Wind Tunnels superseded with a total switch to CFD

Hadron-F1-Experience.jpgThe FIA have received a proposal from Force India, which would alter the current Sporting Regulations around aerodynamic research. The ultimate aim being to shift the reliance from wind tunnels to CFD research.

Currently all the teams are carefully monitored under the FIA Aerodynamic Testing Restrictions, which balance wind tunnel hours with the use of CFD teraflops.

Force India believe that under the current system, wind tunnel usage is favoured considerably. Their plan would mean allowing teams to focus more on CFD if they wanted to, meaning that a second system would need to co-exist.

This idea would largely benefit the teams that don’t have their own wind tunnels, and have to rent a facility to use which is a significant cost. Force India, Haas and Manor would immediately benefit from this.

The proposal has already been discussed in the Strategy Group, and it is now being given further consideration by team technical directors.

“We’ve asked the Strategy Group to look into a position where we can do a glide path down and a total switch to CFD,” Force India deputy team principal Bob Fernley told Motorsport.com.

“It’s on the basis that we can now foresee that in time CFD will replace wind tunnels, and we want to facilitate that, effectively.

“What we have today is a wind tunnel-biased formula, and what we are looking for is a CFD-biased formula that allows people to switch to CFD. It’s a completely different equation, and the current system would stay in place.

“We’ve put a concept proposal together, and now we’ll ask the technical regulations group to refine it and get a consensus between them and submit it back again hopefully for approval by the Strategy Group. The Strategy Group thought it had merit, otherwise they wouldn’t have put it through. They were very supportive.”

“CFD is developing at a rapid rate, and we must recognise that. Obviously what we’d like F1 to do is embrace the latest technologies, and cutting edge technologies, which is what CFD is. We want to encourage people to consider using it.

“It’s not compulsory by any means, it’s just to give another variation in terms of aero development. Not everybody might want to go down that route. If you have a wind tunnel you might want to stay with wind tunnels.”

 A focus on CFD would represent a significant cost saving: “There are at least four teams in the pitlane who don’t have their own wind tunnels and are renting them, and we believe that in the foreseeable future – in three years or a bit more maybe – there is a possibility that CFD could become the primary or only aero programme. It is a significant saving. For a team in our position it would be many millions.”

Total reliance on CFD was previously tried by the Virgin Racing team for their introduction to the sport in 2010, the team later became Manor Racing. Virgin technical boss Nick Wirth was convinced that CFD was the future, although history has gone on to prove that his plan was ambitious in 2010. CFD has moved on rapidly since, and thoughts of CFD total design may not be too far away.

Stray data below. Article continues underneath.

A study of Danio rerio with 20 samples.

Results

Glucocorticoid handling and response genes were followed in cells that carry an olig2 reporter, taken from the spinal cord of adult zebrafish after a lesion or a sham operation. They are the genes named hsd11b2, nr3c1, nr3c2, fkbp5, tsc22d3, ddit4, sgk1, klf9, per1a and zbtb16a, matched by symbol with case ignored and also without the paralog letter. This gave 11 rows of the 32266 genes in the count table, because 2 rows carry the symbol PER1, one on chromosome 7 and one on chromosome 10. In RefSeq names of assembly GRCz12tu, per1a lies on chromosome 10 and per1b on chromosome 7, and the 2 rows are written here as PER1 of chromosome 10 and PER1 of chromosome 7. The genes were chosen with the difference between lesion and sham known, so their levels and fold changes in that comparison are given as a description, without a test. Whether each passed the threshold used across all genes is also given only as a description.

“It was a very ambitious move at the time from Virgin. Obviously it was the right direction, but too early. Like many things, you’ve got to get the technology right.

“We’ve worked for a number of years with restrictions on use of wind tunnels, and no question it’s saved money. Like all technologies CFD is developing all the time, and we have to re-evaluate every so often. I think it’s an appropriate time to re-evaluate.”

If correlation to the track proves to be reliable, then CFD really can be the future.


  1. Sounds like it could be a good idea. Allow teams either to have x hrs wind tunnel and x teraflops cfd or 10 times x on CFD only. Could be good for cost reduction while allowing smaller teams to gain an advantage. Problem is that if CFD gets ‘better’ then big teams will just switch to CFD and then no advantage to small teams.

    • Your problem is not truly a big problem per say. It is actually better if the big teams switch to CFD because it will push the development of that technology, and no matter what, it is a lot cheaper to push electrons than it is to push air. The smaller teams will still have the same access to the technology as the bigger teams which is the current issue with wind tunnels.

  2. The current emphasis on aero is a consequence of the current rules which overall have led to the parlous state of F1. Banning WT use entirely wouldn’t be a bad start. Of course the expenditure saved would immediately be used to hire huge teams of programmers and to build enormous clusters of processors and associated hardware. Guess which teams would spend the most. Within a couple of years they’d be up to the same levels of expenditure as they did on WTs – and probably even more.